The Indian horseshoe crab — an important marine species for biomedical research — is facing danger of extinction.

The significance for the species lies in the fact that a clotting enzyme — the lysate has been discovered in the amoebocytes of the blood of the horseshoe crab, which clots and forms a firm opaque gel in no time, when exposed to minute amount of endotoxins or bacterial pyrogens. The lysate is at present commonly used in pharmaceutical industries.

Artificial insemination, incubation of fertilized eggs and larvae and release of the larvae into the sea
Artificial insemination, incubation of fertilized eggs and larvae and release of the larvae into the sea

Taking into consideration its importance as a biological resource and its vulnerability, the Department of Biotechnology has initiated a new programme on application of modern aquaculture technology through restocking of wild stock by well-organized sea-ranching practices that will certainly help in restoring depleting population of the horseshoe crab in India. For the first time, application of effective artificial insemination technique and sea-ranching practices will help in enhancement of the wild stock of the horseshoe crabs in India.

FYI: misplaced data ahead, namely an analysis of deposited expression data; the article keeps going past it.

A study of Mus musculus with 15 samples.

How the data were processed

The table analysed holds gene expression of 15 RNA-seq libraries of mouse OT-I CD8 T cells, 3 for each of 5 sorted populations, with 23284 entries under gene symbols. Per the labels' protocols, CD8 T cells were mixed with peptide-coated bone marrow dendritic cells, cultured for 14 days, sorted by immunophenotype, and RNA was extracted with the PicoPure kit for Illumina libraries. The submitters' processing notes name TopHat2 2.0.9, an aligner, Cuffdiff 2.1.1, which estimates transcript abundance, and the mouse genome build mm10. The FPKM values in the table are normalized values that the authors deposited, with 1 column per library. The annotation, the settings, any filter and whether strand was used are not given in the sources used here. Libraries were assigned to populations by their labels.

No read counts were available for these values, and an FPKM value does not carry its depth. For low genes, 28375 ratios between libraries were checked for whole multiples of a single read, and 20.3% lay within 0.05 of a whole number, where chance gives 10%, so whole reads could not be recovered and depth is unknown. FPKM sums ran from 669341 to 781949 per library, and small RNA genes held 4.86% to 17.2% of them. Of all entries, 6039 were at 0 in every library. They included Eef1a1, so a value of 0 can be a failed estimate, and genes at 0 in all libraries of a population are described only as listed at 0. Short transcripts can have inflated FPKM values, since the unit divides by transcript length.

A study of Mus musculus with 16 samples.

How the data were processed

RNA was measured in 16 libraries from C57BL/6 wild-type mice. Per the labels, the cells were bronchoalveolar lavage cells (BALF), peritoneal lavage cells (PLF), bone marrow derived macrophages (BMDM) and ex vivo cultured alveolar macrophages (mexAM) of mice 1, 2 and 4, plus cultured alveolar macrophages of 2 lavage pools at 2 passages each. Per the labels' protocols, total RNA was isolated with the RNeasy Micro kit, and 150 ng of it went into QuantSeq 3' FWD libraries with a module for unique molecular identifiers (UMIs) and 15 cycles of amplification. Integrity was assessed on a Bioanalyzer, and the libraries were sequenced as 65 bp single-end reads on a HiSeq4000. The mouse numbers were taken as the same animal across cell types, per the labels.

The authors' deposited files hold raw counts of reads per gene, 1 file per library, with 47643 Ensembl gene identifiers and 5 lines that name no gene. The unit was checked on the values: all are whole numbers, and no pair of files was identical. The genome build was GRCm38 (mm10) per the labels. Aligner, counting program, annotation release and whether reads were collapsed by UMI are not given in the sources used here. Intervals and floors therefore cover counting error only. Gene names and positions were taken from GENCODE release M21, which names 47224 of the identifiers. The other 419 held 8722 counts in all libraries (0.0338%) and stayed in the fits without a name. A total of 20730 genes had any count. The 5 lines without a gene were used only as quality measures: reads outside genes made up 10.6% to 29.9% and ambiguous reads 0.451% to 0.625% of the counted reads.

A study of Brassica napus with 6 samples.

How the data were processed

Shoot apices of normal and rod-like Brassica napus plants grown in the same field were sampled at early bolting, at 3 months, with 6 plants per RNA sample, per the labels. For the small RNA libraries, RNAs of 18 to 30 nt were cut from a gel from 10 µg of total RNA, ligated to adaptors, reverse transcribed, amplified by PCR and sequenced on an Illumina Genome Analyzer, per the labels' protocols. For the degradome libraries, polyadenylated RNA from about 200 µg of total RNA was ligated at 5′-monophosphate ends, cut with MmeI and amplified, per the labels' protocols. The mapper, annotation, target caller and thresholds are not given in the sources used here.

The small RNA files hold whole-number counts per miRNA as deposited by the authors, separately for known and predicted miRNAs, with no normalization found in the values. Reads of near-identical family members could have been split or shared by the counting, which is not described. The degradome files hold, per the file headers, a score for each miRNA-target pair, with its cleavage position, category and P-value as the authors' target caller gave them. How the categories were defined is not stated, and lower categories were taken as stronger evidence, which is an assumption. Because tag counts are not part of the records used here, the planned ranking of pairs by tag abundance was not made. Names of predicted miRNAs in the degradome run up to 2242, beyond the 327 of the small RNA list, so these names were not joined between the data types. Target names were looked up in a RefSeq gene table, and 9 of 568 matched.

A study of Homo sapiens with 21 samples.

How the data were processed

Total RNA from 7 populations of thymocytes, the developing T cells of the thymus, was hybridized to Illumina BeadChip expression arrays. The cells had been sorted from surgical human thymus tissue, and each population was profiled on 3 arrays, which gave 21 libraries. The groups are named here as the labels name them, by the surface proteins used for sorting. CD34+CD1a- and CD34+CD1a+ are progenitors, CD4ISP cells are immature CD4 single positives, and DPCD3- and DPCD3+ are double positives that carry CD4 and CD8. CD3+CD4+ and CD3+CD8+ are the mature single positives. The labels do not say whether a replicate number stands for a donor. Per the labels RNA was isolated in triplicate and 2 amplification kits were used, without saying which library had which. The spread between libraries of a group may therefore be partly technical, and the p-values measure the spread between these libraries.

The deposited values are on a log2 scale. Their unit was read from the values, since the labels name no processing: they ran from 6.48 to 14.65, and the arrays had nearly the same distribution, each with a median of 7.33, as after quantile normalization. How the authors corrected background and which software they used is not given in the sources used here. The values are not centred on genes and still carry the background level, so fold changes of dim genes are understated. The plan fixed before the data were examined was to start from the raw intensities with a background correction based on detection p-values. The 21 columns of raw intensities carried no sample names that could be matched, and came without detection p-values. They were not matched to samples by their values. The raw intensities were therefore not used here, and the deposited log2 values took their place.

These benthic animals prefer calm sea or an estuary with muddy sandy bottom for their normal biological activities. Most of the biogenic activities of the horseshoe crab occur in the open ocean at a deeper zone. They specifically migrate regularly towards the shore for the purpose of breeding.

The distribution pattern of the horseshoe crab is patchy and they possess highly specialized methods for detecting suitable habitats for reproduction and dispersal. No concerted effort has so far has been made to protect valuable biodiversity and spawning grounds of the Indian horseshoe crab.

Oceans are treasure troves to many such important organisms. India has 2.5 million sq. km EEZ with 7600 km long coastline. The rich biodiversity of the Indian Ocean has immense opportunities to use them for the benefit of mankind. Marine organisms represent vast scarcely tapped resources for medicine, aquaculture, fisheries, industry (composite materials, biopolymers and enzymes for industry, biosensors and delivery systems), research tools and environmental applications (including several techniques to restore, protect and manage marine ecosystems).

However, degradation and destruction of the ecosystems of these important marine animals by natural and uncontrolled anthropogenic activities resulted in mass depletion of their populations in India and DBT’s attempts to save the horseshoe crab is an attempt to reverse the trend.